Submitted by on Tuesday, July 20, 2010One Comment

This is Part 2 of my interview with J&P Voelkel, authors of “The Jaguar Stones Book 1: Middleworld”, where they graciously share some insight into how we can dare to leave the resort and experience the history and culture of Mayan ruins with kids. Click here to start at the beginning.

What were the biggest challenges on these trips?
Taking malaria meds is a problem for small children. They get it in liquid form and it tastes so bad they just spit it out. There are often no restaurants en route, so regular meals cannot be promised. And it has to be said that one Maya site starts to look a lot like another to the children after a while! Oh, and, in remote areas, the state of the bathrooms is often challenging.

How did you overcome them?
I douse the children in insect repellent and I have even been known to make our middle child, who attracts insect bites like moths to a flame, wear a beekeepers hat in particularly buggy regions. Every time we stop for gas, I stock up on all sorts of normally forbidden packaged foods like monster bags of potato chips, bars of chocolate, cookies…. anything! So there’s always plenty to eat in the car, even if it’s not very nutritious. And we always carry lots of bottled water. For long drives, we take plenty of audio books. When it comes to dragging them out to their tenth site of the week, I have been known to resort to bribery. Or give up and spend the day at the pool! But we involve the kids in planning the trip before we go and when we get there, we try to let them plan a part of every day. I don’t know how to overcome the scary bathroom challenge. Bandanas worn over the nose and mouth bandido-style sometimes helps a little.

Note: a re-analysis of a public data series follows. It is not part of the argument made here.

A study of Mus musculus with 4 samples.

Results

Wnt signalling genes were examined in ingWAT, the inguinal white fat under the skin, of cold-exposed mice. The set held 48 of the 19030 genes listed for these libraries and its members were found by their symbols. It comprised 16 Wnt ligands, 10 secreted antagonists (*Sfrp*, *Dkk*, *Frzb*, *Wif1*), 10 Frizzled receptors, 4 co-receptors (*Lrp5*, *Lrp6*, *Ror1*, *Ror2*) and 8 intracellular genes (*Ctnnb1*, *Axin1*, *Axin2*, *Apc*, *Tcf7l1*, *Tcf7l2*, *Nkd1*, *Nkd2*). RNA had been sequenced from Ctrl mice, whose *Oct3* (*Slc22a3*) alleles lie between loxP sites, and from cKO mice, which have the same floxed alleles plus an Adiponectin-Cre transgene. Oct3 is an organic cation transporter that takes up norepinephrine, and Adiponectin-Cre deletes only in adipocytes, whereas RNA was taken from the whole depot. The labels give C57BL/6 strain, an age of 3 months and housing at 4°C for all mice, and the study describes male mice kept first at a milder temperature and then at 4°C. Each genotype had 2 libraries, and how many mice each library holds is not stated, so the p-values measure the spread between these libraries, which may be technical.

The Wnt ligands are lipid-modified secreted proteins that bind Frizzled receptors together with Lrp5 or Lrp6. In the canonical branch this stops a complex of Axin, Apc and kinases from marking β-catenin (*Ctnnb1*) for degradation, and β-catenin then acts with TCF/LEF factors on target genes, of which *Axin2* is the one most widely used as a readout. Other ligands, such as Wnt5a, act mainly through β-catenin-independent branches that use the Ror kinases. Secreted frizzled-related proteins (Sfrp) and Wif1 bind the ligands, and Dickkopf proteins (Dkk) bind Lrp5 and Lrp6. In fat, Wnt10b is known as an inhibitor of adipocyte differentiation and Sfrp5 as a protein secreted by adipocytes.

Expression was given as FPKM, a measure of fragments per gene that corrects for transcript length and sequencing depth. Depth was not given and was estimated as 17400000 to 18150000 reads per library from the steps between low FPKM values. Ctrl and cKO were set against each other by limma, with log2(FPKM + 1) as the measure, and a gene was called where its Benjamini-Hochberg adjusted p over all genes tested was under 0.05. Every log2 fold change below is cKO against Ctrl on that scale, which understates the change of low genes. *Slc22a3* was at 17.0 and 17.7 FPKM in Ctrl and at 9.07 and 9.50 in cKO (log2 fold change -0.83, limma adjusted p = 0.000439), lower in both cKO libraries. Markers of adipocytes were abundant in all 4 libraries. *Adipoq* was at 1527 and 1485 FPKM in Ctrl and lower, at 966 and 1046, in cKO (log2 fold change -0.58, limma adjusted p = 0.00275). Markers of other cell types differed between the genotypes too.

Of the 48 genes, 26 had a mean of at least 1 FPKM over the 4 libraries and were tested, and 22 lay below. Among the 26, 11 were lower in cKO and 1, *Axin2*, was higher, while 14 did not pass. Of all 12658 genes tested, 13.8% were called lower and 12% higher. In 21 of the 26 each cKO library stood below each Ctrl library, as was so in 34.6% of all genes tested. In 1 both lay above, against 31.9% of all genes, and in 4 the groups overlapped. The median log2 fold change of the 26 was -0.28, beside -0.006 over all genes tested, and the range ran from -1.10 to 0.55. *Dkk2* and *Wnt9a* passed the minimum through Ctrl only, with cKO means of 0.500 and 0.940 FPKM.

Tune in tomorrow for advice from J&P Voelkel on how to tackle your own adventure travel vacation with kids, including which sites to try first. Hint: it’s easier than you think! Click here for Part 1, and here for Part 3.

Jon Voelkel grew up in Peru, Costa Rica, and Colombia. After college, Jon relocated to Europe, where he began a career in advertising and was named one of the top fifty creative minds in Britain by The Financial Times.

Pamela Craik Voelkel graduated from Leeds University with a degree in English Language and Literature. After stints reviewing books, writing catalogs, and penning speech bubbles for photo-romances, she landed the job of her dreams as an advertising copywriter and soon became creative director.

The pair met at an advertising agency in London and went on to help found their own successful agency. The Voelkels now live in Vermont with their three children, the youngest of whom can summon howler monkeys with her call. To learn more about them and their research, you can visit them online at www.jaguarstones.com.